FALLUJAH, Iraq -- On the northern edge of the city where Marines poised for their overwhelming attack a little over a month ago, they were still hard at work - putting the enemy fighters in their final resting place.
Marines from the 1st Force Service Support Group had the responsibility of removing bodies from the city, processing them, and then burying them.
With the body count from Operation Al Fajr still on the rise and raging battles ensuing about a mile away, the last of more than 460 bodies collected from fighting in Fallujah were placed in graves December 11, 2004, by 1st FSSG’s Provisional Mortuary Affairs Company.
Prior to the assault on the rebel-held city, military and Iraqi officials planned for the removal of dead bodies after lessons learned in Samarra and Najaf. With the health, psychological and religious concerns involved with such a job, 1st FSSG Marines had their work cut out for them.
Marines from 1st FSSG’s subordinate command Combat Service Support Group 15, augmented the full-time mortuary affairs detachment that is usually responsible for handling U.S. casualties. Many more Marines were needed to deal with the elevated number of enemy bodies expected in the planning stages, according to Maj. James R. Hensien, the officer in charge of the Provisional Mortuary Affairs Company.
There were numerous considerations that had to be planned for when preparing the enemy’s graveyard, explained Chief Warrant Officer 4 Cheryl Ites, the officer in charge of the full-time mortuary affairs unit for the I Marine Expeditionary Force.
Out of cultural respect, the Marines got approval from multiple Iraqi government offices including the Ministries of Health, and Religious Affairs before they buried the enemy casualties to make sure everything was done right, explained Ites, a 49-year-old Bethlehem, Pa., native.
“This is what makes us different from them,” said Lance Cpl. Darnell M. Johnson, a logistics vehicle operator assigned to the detachment in Fallujah when referring to the fact that Marines had to handle and bury the dead under certain guidelines. “We are actually taking the time to bury them, facing east toward Mecca, with respect to their religion.”
While fighting continued throughout the city and smokestacks from airstrikes dotted the city’s horizon, the provisional mortuary affairs team made up of Marines from multiple job fields buried the last 30 bodies in long trenches dug by back-hoes and bulldozers.
At the request of the Iraqi Ministry of Religious Affairs, for individual graves, the Marines dug the trenches to exceed Geneva Convention guidelines by 30 feet, allowing individual burials of anti-Iraqi forces within a 100-foot long trench. Each site is also recorded with global positioning system coordinates. This process will help locals who want to inquire about someone who may have been killed in the fighting.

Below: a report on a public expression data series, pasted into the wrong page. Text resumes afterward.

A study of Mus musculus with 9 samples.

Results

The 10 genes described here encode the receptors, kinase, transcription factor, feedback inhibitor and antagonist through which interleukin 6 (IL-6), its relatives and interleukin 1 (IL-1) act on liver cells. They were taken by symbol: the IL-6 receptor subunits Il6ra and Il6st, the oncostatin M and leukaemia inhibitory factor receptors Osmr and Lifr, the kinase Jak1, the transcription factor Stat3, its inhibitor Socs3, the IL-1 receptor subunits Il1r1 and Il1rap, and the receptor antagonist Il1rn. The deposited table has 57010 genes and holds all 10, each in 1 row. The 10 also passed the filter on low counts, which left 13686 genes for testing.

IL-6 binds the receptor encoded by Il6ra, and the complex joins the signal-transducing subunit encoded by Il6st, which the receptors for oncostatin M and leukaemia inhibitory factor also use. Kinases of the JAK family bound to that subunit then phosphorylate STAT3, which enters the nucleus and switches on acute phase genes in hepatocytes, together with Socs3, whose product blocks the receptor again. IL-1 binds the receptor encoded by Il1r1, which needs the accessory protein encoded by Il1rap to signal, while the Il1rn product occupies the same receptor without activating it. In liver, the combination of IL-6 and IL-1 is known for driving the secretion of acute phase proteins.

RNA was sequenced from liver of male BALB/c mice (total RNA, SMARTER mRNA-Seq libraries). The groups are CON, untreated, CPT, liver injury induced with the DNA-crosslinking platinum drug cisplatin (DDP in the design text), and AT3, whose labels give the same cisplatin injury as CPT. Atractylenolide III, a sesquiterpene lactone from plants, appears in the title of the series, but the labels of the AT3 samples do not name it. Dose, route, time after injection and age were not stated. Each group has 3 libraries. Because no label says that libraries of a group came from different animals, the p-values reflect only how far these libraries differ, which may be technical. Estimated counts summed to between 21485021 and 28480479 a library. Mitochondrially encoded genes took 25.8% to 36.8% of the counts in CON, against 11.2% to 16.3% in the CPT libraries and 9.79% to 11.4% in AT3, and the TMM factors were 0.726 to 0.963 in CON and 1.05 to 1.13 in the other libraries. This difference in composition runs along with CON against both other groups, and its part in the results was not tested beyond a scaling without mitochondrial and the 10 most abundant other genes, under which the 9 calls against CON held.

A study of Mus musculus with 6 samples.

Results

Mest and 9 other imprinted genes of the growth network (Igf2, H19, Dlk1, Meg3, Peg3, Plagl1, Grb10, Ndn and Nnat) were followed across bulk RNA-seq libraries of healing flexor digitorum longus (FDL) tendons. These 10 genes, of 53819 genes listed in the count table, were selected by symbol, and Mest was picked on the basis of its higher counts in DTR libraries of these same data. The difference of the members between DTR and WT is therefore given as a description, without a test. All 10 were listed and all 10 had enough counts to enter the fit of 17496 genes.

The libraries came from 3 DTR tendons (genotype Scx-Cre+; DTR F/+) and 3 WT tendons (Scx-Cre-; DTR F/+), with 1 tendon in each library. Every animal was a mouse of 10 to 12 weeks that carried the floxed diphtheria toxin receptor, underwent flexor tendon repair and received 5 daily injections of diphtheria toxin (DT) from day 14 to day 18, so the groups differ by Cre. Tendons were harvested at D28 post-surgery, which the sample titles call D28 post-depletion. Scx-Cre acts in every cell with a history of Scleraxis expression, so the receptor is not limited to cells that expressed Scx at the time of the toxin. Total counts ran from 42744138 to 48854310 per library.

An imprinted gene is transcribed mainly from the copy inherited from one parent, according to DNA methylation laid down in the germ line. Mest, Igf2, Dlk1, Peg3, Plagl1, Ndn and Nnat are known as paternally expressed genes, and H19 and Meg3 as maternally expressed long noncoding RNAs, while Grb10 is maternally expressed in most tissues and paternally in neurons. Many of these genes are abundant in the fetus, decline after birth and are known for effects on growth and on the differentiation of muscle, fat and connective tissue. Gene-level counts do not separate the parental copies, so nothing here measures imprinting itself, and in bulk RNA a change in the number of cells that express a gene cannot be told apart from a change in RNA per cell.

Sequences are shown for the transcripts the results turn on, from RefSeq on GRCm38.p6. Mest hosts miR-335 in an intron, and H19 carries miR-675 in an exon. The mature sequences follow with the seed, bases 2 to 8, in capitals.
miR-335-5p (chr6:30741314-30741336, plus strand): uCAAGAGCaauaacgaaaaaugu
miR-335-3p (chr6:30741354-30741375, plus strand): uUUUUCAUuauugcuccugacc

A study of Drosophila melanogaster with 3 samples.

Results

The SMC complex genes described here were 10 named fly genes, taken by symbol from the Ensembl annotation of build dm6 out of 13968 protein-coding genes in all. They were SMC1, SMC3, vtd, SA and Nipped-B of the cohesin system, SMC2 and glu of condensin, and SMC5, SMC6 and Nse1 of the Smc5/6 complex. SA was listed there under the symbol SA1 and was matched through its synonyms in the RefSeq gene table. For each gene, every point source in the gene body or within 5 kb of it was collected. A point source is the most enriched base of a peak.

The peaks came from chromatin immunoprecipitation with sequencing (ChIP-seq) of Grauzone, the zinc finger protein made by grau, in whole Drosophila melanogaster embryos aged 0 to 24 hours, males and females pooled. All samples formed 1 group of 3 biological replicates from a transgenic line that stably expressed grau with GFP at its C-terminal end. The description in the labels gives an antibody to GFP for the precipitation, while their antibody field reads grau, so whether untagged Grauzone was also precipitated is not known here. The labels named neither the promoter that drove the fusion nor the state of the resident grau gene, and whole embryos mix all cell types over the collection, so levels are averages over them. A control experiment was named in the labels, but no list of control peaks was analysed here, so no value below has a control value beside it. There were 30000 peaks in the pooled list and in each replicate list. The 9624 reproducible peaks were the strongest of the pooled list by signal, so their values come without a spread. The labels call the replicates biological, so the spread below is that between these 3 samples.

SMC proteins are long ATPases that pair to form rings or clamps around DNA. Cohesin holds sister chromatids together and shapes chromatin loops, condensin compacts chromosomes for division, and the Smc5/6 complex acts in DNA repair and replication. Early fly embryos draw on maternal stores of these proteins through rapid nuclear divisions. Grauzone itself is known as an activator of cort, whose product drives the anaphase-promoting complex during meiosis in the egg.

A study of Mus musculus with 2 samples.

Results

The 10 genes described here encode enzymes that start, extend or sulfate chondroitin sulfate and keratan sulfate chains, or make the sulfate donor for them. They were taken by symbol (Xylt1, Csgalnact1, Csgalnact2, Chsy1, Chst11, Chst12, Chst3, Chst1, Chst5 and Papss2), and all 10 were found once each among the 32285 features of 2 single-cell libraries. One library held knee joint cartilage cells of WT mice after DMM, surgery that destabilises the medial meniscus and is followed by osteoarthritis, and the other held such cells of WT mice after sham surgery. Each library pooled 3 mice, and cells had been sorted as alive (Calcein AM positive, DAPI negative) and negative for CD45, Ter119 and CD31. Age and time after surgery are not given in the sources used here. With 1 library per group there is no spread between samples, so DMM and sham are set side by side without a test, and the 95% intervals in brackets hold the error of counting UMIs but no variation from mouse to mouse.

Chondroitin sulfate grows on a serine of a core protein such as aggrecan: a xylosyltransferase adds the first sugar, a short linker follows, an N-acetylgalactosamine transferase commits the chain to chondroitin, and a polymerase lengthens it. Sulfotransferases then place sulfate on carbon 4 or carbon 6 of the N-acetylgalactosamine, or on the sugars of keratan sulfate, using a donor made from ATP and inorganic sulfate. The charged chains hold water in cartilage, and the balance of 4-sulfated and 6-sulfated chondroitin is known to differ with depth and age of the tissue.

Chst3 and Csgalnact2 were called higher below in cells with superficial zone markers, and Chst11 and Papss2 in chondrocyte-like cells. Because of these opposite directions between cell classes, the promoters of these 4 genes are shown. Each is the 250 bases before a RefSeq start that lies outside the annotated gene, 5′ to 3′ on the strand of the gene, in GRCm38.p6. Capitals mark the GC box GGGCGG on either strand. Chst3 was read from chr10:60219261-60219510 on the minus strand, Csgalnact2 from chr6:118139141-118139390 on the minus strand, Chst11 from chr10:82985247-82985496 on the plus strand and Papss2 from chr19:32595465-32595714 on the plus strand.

The Iraqi government will have all the records, explained Ites.
The Ministry of Religious Affairs visited the burial site the day the Marines started burying the enemy bodies to be sure that everything was done in the proper manner. They approved the site and method the Marines used, and virtually disappeared, offering no help. They haven’t been back to the site since, said Ites.
“They came out the first day to see what we were doing,” said Ites. “They just said that we were doing a fine job. Everyone was glad we were doing it for them rather than just leaving the bodies in the street.”
When the fighting slowed and was contained in smaller pockets of resistance, the Marines were tasked with cleaning up the battlefield. With military police, motor transport, communications and a variety of other job specialties in its ranks, the mortuary affairs team began the “clean-up” mission.
Many of the units involved usually conduct resupply convoys and provide security for such convoys throughout Iraq, but they stepped outside their realm and did an outstanding job, said Hensien.
With their safety in mind, the Marines provided their own security while collecting remains, as infantry Marines fought insurgents often only a block away. They also had to be wary of the last ditch efforts insurgents displayed by rigging the dead with improvised explosive devices.
“It’s a sobering experience,” said Cpl. David M. Spearman, an ammunition technician from Greenville, S.C., who augmented the group. “It made me realize how much I took life for granted.”
Along with learning about the health concerns involved with handling the cadavers, using bodybags, processing and registering remains and grave sites, they were also told to expect decomposed, charred or otherwise mutilated bodies, which could create a heavy mental burden.
“I can’t really put a feeling on it,” said Lance Cpl. Arland R. Lowery, a supply clerk from Lake Ridge, Va., who was assigned to mortuary affairs. “I do my job while I’m here and sometime down the line, maybe I’ll look back, and what I’ve done will actually hit me.”
The Marines began collecting bodies about four days into the fighting and will continue collecting and burying the enemy until local residents move back into Fallujah and take over the task themselves.
Despite the fact that they were enemies in life, once the insurgents were killed, their status of an enemy threat no longer applied. The Marines are committed to being professionals, and they exemplify that by putting their personal feelings for the people who had been trying to kill them aside, and doing the right thing in the end, said Hensien.
“We have to do the right thing out here,” said Lowery. “It’s the Golden Rule. I know it wouldn’t happen out here (enemy caring for U.S. dead), but this is the same way I would want to be treated if the roles were reversed. We may be fighting each other, but at least our side is showing the diplomacy of war.”
The ongoing firefights in the city means the Marines will stay hard at work. They already had five bodies scheduled for pickup the next day.